Police say woman's story of ill child may be scam
Posted November 17, 2015
Wake Forest, N.C. — A woman going around the Triangle is sharing a sad story, and people hearing it have given the woman a lot of money. But now her story has spread on social media, and police say it may be a scam.
Kathleen Jackson has a strong faith and a generous heart, so when she met someone in a Walmart in Wake Forest who appeared to be in need, she listened.
"She told me that she has three little girls and that her husband left her as soon as the third one was born because the baby had stomach cancer," Jackson said Tuesday.
The woman told Jackson she needed money for a prescription.
"I went to the ATM, handed her a $100 bill," Jackson said. "I hugged her. I told her that God does love her, and I thanked her for letting me bless her by giving her the money for her baby."
Jackson then shared the story with friends, who later sent her a Facebook link with countless stories from other people who gave the same woman money at gas stations and other businesses across the Triangle.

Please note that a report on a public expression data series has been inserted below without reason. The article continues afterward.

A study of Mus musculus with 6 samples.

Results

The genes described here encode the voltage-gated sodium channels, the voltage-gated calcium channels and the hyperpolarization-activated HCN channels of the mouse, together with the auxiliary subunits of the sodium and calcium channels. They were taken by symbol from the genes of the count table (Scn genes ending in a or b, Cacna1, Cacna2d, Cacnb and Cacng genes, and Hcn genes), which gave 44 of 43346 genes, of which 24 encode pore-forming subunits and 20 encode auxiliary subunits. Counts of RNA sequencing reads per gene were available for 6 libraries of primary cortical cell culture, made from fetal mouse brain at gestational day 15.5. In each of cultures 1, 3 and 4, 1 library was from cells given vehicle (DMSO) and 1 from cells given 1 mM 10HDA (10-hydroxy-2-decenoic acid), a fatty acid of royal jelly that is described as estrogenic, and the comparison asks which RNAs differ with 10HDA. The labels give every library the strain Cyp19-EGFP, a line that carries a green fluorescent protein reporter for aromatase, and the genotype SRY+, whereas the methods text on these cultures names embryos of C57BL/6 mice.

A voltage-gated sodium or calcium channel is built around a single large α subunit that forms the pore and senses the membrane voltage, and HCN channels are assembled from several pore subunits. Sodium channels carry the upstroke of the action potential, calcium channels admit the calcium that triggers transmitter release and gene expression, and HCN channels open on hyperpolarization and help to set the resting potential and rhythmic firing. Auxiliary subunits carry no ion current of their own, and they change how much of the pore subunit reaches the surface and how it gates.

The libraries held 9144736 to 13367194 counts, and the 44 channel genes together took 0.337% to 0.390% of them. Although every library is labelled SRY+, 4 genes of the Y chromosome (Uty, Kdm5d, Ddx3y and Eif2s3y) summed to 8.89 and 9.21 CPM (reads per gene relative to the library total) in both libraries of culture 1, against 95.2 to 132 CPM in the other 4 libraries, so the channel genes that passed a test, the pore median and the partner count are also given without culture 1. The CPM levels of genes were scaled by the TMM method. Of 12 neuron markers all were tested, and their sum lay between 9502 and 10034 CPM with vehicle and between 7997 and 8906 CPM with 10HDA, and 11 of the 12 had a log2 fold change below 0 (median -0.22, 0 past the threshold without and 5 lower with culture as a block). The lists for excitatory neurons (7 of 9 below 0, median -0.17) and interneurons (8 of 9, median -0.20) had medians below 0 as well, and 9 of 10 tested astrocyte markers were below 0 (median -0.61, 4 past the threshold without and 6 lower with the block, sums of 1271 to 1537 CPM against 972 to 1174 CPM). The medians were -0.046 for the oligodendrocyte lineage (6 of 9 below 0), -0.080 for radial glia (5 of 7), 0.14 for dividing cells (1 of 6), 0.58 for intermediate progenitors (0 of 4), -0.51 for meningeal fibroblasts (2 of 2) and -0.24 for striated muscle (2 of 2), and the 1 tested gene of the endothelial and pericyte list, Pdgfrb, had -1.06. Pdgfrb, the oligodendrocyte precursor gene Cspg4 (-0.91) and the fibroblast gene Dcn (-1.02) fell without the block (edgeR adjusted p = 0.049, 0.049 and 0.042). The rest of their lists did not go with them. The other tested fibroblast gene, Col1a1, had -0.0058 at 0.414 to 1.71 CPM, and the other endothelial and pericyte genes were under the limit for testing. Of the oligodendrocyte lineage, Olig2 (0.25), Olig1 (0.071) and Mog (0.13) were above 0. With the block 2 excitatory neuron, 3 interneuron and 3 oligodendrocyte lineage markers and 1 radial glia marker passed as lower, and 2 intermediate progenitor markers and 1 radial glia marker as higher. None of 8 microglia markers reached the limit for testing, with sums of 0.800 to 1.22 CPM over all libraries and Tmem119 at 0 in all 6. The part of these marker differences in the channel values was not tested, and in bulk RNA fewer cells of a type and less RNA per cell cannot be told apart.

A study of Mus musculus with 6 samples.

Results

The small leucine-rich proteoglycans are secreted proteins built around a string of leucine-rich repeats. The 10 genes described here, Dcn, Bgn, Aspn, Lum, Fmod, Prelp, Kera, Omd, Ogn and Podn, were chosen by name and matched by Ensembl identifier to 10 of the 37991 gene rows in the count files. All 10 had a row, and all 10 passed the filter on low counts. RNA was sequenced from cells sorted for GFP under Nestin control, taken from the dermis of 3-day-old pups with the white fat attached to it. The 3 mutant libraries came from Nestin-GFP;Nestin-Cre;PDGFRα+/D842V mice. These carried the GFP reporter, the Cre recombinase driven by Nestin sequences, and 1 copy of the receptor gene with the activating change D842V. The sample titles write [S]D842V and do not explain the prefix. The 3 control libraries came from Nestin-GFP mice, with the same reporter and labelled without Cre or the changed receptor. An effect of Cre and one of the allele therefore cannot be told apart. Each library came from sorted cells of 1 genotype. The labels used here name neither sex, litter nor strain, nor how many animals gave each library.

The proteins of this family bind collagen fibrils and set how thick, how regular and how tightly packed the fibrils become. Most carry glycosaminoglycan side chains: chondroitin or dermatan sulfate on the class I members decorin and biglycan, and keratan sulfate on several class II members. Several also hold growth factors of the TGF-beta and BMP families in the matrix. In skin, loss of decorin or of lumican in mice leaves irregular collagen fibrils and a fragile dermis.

Shawn Welch said he was suspicious when a woman at a Garner gas station told him she was waiting for her ex-husband to bring her money.
"My youngest daughter has a sickness, and she's real sick, and I need that money," Welch said the woman told him. "Kind of seemed like she was in distress of some sort."
Instead of giving her money, he decided to follow her, noting that she told him she was heading to work in Cary but then headed in the opposite direction. When she wound up in a nearby parking lot, he said, she spotted him following her in his truck and drove off.
Capt. Matt May of the Wake Forest Police Department said the woman may be lying, but it's not necessarily illegal.
"People are actually offering to give her money without her soliciting," May said, adding that people "should just be really cautious about who you give money too and where that money is actually going."
WRAL News tried to contact the woman in Clayton, but she wasn't home.
Jackson said she will continue to give to people in need but maybe not as freely next time.
"That's what makes me angry. It makes people gun-shy of giving," she said.